But maybe Voice is just something of a question mark, albeit of a most harmless kind. Voice was the product of an acquisition of a phone-managing service, GrandCentral, that had its heyday in a time when having an office phone, a home phone, and a cellphone was more likely than today’s norm of having just a cellphone. Another of Voice’s killer features, international web-based calling that’s usually cheaper than Skype, hasn’t really taken off, at least to the extent that I’ve met anybody who uses it, or read about its popularity in any publication.
All this is not to say I don’t like or appreciate Voice--I use it every single day, and the ability to send and receive text messages from my desktop browser is worth a whole lot to me. But because my phone number is a Voice number, and because a whole lot of phone history is now stored with Voice, I want to see it succeed and even expand. So here’s hoping the purpose for Voice becomes more clear than “that nice thing Google offers.”
Update: A Google spokesperson provided these comments, in response to questions about these same topics: plans for the future and monetization:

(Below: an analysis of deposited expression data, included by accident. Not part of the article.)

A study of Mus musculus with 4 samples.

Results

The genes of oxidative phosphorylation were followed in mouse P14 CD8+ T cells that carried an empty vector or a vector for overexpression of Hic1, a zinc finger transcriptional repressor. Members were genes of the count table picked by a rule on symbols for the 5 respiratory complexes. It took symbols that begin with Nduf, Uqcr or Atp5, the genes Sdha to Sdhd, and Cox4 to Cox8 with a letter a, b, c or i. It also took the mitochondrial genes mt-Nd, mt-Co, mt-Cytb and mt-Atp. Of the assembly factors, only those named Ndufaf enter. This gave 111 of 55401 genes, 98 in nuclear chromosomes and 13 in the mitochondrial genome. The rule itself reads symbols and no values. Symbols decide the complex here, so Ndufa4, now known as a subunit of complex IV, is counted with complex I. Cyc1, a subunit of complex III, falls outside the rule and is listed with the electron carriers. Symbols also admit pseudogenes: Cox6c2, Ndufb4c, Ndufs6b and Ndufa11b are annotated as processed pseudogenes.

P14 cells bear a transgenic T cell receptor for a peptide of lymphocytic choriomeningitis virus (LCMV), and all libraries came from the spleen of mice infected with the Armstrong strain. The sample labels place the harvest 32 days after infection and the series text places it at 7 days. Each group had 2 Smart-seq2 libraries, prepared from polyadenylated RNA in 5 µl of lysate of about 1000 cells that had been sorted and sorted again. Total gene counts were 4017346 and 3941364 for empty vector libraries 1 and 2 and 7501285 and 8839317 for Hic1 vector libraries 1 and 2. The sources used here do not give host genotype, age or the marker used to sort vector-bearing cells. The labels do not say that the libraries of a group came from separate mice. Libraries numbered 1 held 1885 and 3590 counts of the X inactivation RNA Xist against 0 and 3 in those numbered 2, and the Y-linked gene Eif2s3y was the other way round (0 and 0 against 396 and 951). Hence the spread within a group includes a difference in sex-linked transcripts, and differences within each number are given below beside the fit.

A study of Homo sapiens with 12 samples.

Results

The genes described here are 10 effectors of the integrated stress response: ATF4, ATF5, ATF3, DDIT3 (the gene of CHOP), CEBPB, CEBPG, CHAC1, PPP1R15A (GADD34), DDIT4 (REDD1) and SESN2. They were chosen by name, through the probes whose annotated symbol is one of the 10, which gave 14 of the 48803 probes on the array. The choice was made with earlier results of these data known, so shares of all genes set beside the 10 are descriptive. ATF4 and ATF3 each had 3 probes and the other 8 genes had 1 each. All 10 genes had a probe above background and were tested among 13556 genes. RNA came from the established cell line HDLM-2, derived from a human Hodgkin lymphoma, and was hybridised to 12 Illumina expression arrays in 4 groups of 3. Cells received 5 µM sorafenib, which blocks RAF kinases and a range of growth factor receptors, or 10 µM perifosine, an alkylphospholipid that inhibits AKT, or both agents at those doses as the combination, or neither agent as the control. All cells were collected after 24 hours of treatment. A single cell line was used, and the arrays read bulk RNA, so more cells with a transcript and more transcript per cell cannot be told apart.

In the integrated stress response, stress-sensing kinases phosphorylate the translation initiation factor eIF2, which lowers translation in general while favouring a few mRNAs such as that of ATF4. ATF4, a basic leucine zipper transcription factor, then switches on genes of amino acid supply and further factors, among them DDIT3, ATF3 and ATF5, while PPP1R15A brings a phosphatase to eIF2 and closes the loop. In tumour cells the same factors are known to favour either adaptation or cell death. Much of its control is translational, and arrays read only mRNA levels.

Google Voice is a free service that helps you manage your phones and voicemail by unifying all of your phones with a single number. We only generate revenue on international calling. We also charge a one-time fee of $10 to port your number. We have no plans to change this strategy going forward in terms of monetization.
The ability to make and receive calls in Gmail is powered by Google Voice but I don't know that I would go so far to say that it is the "glue" that links our services together. Google Voice gives you more control over all of your voice-based communications and makes it easy for you to access this information from anywhere—by phone, email, or the Web.